During our visit to the Bovington Tank Museum, we loved what we saw, but there is always someone who is working really hard for you so you can see all these tanks. But hardly do people notice him when he walks among the visitors. This man is Richard Smith, the director of the Bovington Tank Museum, he who is responsible for everything you see there these days. Of course, it didn’t start out this way. So we sat down with Richard and asked him about the museum and the tanks that are there to display these days.
Richard: It was 10 years ago but it feels like 5 minutes. It’s the kind of job you get a lingering feeling you are getting away with something.
Richard: Yes, ever since the WWI, since October 1916, Bovington has been home of the British army. They first started using the tanks at the secret base in the east of England and there they ran out of space so they came here October 1916. This was the secret base in the middle of nowhere, were no one would know what’s going on and then the brought in the tanks, they devolved them, trained the crews here and dispatched them to France and it’s been the centre of British Armour ever since If I remember correctly. The people who lived here had to close their shutters as the tanks drove by. They did this, afterall, it was a secret weapon. This was absolute leading edge technology. This was the highest sophisticated equipment in the world.
Richard: We are not entirely sure. The story we normally tell is that Rudyard Kipling, the writer, came here in 1923 and saw the tanks lined up from WWI. They came back after WWI and said; someone should make a museum. We are not sure what happened between then and when the museum started, but atleast, this is the story that we know and tell.
Richard: Well, 1923 is the date we use, but we also know that by 1919 some of the important ones where placed in a separated area. Anyway, if there is a real Kipling connection and if he did come here, we still are not sure about that. But the British army didn’t admit the public at all until the end of the 1940’s and since then up until now we are an independent charity. We run the collection and own the collection as well.
Richard: What happened in 1940 are several different things, to a certain degree some tanks were scrapped and other tanks survived because they used them for defence, because this stuff was only 20 years old. So If we got invaded everything that you could use was worth it. Some of the vehicles that survived were used at the beaches and at key sights.
Richard: We worked with Wargaming for a long time actually We worked with Wargaming since before they launched in Europe. They are important to us for 2 reasons. One is they are committed to authenticity and we think that is very important because the real thing really counts and perhaps that is one of the reason they are committed in supporting us restore our collection. They bring in resources that museums normally don’t have.
But the other most important thing they bring in is a huge worldwide global audience and they are introducing people to our subject who may never thought about this stuff. It doesn’t mean that when people play World of Tanks the learn everything there is too know about tanks, but all those people might get interested and our job is to tell the stories of tanks and the people who served with them and if Wargaming introducing the subject to millions of people then that makes our job at lot easier. It’s great!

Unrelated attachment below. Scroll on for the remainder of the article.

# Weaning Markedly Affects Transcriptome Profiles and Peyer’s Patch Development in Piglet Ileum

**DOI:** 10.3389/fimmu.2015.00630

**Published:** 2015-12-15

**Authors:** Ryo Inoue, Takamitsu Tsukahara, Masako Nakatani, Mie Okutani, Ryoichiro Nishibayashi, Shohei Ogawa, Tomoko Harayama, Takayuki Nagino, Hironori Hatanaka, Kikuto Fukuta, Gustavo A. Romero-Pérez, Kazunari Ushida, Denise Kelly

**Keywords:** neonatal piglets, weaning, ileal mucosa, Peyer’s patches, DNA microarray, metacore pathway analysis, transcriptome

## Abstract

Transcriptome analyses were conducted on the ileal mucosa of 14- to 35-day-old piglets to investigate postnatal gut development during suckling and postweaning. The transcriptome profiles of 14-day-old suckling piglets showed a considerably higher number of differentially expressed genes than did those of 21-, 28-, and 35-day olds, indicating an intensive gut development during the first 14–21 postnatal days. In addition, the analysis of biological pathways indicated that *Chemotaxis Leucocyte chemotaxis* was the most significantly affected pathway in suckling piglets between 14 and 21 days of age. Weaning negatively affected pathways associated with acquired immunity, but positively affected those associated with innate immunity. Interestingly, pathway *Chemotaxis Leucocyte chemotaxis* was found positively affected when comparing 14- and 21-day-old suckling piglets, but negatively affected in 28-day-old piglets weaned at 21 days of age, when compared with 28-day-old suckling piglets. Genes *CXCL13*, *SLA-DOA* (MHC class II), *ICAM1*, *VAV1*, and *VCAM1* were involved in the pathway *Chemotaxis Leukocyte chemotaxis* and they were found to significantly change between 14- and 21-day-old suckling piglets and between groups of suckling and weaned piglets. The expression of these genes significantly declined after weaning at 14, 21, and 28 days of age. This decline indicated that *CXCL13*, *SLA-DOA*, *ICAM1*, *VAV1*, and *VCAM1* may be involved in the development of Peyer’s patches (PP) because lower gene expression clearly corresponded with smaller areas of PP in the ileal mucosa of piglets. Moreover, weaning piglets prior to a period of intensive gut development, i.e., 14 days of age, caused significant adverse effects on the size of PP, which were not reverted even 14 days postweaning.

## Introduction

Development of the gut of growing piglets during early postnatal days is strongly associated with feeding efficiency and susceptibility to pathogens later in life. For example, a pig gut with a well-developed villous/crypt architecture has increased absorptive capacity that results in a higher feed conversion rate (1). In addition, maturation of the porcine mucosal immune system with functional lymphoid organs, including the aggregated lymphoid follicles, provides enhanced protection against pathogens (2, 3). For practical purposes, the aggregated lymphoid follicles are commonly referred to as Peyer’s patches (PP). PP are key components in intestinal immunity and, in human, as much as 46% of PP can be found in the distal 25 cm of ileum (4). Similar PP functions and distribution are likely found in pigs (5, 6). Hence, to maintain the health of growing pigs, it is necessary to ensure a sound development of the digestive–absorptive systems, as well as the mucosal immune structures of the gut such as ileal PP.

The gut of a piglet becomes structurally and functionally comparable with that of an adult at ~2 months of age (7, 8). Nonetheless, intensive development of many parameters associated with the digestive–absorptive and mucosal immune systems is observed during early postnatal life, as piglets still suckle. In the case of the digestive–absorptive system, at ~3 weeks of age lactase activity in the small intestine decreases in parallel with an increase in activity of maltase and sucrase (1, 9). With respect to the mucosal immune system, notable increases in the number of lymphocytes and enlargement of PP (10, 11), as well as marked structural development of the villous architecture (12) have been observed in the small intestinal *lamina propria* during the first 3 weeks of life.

Richard: We are doing some loans both ways, but I don’t want to steal thier news. But we think that there are a lot of oppertunities for museum across europe to work together. And the Wargaming guys, they open up the human audiences and I’ve known Viktor Kislyi (Wargaming CEO) for a long time now and we are both interested getting people to learn about war. The more people learn about war they look at the world in a different way. War is less glamorous the more you know about it and in this you get people interested and learn, than they will never make the journey.
Richard: The museum is a charity and the museum owns the vehicles. As a charity, like every other charity, we have to make sure we get people here and we make enough to cover the costs.
Richard: Last year we had 280.000 visitors but through Wargaming we get opportunities to reach people far behind that. We’ve got the biggest base audiences of any military museum in the world. We’ve got our Tiger tank that gets more viewings on Youtube than any museum of tanks in the world.
Richard: This year it’s all about the centenary of the tank, we’ve got a new exposition opening in march about the tank men, the people who operate the tanks about the 8 guys, 8 ordinary people. We’ve got another project where we got a lot of work to do on looking after our armour and we need facilities to do it. We are going to be putting up a new building next year with workshops so we can look after the stuff and of course every year at the last weekend of June we’ve got Tankfest which is the biggest display of moving historic armour in the world.
Richard: My favourite tank, my favourite tank is really obscure and no one loves it apart from me. It’s a first world war tank and it’s a model nine and it’s not really even a tank to today’s measure, but it’s the first armoured personnel carrier in the world.
The British came up with the tank in 1916 and the tank remains in every army throughout the world and in 1918 we come up with a second brand new weapon system the armoured personnel carrier . These two systems are the centre of every modern army.
Richard: I do! But I provided as a target.
Thank you for your time Richard, and we encourage everybody to visit the Bovington Tank Museum at least once in a lifetime.